Forget what you’ve learned about the perfect pitch deck
There is an inexhaustible amount of content on what constitutes the perfect pitch, and the perfect deck to go with it. You can read about colours, font sizes, text to image ratios, and of course, the all-important financials and the magic hockey stick graph.
And yes, all those things are important and can make a difference between a mediocre and a dazzling deck.
But in order to give a pitch that really hits the sweet spot, it is important to back up and make sure you know best how to deliver what’s on your slides so they can make the impact you need them to.
Poor delivery is like having a dancing elephant on stage when all you want is for that panel of investors to be in awe of the pace of growth on that slide it took you two weeks to get the graphics just right.
You will have seen these pitches yourself- or any presentation really- that are delivered so poorly it is painful to be an observer. You are so busy counting all the “ums” and “actuallys” that you totally zone out on what the speaker is saying. Or you’re getting seasick watching someone pace back and forth across the stage. Or you’re cringing on the presenters behalf every time they do that weird nervous nose scratch thing.
And these are only a few of the bear traps an unprepared pitcher might fall into.
But making sure your audience hears what you’re saying and gets the important information from your slides doesn’t have to be difficult or complicated. Just start with these four key anchors to build your delivery on and you can do that pitch deck proud.
Four key anchors to a strong pitch before you even get to the deck
- You’re there to tell a story: Start with a high impact hook that gets the audience’s attention and makes them want to hear more. Set out the problem with big numbers that show you are solving a real problem. “Did you know 90% of big dog owners can’t find a sweater to fit their dog? And the pet clothing industry is a $2 billion a year business!” Of course, do your research and be accurate, but make it illustrative.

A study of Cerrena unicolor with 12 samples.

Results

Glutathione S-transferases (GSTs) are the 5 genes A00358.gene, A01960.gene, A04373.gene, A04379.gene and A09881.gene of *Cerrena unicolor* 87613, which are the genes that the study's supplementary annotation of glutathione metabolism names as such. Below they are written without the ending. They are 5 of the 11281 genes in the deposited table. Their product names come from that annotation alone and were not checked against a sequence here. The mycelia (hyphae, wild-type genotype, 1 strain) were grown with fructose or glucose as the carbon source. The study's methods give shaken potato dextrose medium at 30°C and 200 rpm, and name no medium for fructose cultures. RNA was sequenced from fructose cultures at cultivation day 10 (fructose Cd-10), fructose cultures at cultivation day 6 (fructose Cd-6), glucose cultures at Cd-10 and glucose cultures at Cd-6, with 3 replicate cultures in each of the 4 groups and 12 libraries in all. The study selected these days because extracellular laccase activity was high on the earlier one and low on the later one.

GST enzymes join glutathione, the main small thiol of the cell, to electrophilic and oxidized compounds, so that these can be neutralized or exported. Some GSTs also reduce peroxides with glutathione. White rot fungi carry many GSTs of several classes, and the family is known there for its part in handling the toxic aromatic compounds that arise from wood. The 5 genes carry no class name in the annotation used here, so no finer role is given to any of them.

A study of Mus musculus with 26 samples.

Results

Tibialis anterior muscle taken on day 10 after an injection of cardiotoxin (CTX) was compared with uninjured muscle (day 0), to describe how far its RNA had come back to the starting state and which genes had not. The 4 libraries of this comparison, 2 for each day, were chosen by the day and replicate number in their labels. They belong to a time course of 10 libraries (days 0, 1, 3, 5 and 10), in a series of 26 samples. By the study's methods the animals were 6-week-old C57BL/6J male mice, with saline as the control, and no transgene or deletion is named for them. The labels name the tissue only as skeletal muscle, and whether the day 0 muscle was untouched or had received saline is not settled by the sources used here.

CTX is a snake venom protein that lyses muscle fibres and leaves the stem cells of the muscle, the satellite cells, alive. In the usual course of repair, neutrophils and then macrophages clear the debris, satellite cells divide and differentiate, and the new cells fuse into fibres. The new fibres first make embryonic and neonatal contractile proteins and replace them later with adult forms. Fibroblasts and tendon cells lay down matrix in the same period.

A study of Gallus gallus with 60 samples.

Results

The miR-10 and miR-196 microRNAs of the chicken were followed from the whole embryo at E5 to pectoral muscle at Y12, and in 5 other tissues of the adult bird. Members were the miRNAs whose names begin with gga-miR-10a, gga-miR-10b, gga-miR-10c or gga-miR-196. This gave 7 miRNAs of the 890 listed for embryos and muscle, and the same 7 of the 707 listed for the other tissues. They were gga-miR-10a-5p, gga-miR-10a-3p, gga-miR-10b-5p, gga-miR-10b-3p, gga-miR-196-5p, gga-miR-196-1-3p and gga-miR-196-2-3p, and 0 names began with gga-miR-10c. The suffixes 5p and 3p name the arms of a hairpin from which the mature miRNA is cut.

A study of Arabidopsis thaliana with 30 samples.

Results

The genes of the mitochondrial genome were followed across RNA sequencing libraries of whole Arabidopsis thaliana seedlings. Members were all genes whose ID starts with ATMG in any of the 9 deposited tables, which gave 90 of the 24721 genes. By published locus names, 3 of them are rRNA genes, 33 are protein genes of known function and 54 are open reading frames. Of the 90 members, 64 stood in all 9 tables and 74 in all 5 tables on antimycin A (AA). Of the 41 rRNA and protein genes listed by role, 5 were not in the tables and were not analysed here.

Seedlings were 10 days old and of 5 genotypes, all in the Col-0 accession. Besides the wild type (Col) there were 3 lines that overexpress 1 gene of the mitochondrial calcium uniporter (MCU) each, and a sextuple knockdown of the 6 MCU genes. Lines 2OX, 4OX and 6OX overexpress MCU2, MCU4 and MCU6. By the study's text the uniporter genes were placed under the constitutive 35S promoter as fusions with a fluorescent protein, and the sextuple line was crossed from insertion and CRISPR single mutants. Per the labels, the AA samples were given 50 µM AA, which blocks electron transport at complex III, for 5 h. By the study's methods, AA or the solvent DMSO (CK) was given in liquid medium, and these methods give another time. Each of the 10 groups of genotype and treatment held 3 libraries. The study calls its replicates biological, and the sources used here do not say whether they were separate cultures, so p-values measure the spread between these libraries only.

- Get the audience to see the problem right away through empathy: “How many of you have struggled to find a sweater for your big dog, only to feel ashamed when your dog is the only naked one in the park on that nippy winter day?” The best feeling for me when delivering a pitch is when I see heads start to nod in agreement across the room. Of course not everyone will have the problem you are trying to solve, but get a few nods going, and feel the whole audience engage with your pitch.
- Get rid of those distracting habits: Practice, practice, practice, with a critical yet supportive listener. You can still be authentic with a memorised pitch, and you can give it a natural delivery if you can do it in your sleep. But have that friend make a face every time you say “you know” or clear your throat, or rehearse in front of the mirror to get rid of that nervous habit of rubbing your ear. These verbal and physical ticks are distracting for your audience and they take away from the impact of your pitch.
- Plant your feet and look everyone in the eye: A short pitch is no place to channel your inner Steve Jobs. You end up looking like a caged lion and distract from your deck. Not many people can get away with looking natural and impactful moving around a stage while trying to deliver a slide deck. There is too much going on. You want to deliver a good story to get the audience engaged with you, then direct their attention to the slides that matter- those that convince them you know what you are doing and you have done the market research and the math.
If you haven’t worked on your hook, story, and delivery, the most spectacular slides and numbers won’t save if you your audience can’t take it in because they are so distracted by your tics and roaming.
Get that down through practice practice practice, then knock their socks off with your perfectly put-together deck.
My first book, Becoming a Fearless Leader: A simple guide to taking control and building happy, productive, highly-performing teams is out now. You can find access to a free pdf workbook that accompanies it on my website. If you do read my book, I would love to hear your comments.
I write about how I became the founder of a tech startup as a non-techie, over-40 female with no entrepreneurial experience, and all I am learning along the way. You can see more here. If you think this might be helpful for others on their entrepreneurial journey, please recommend and share.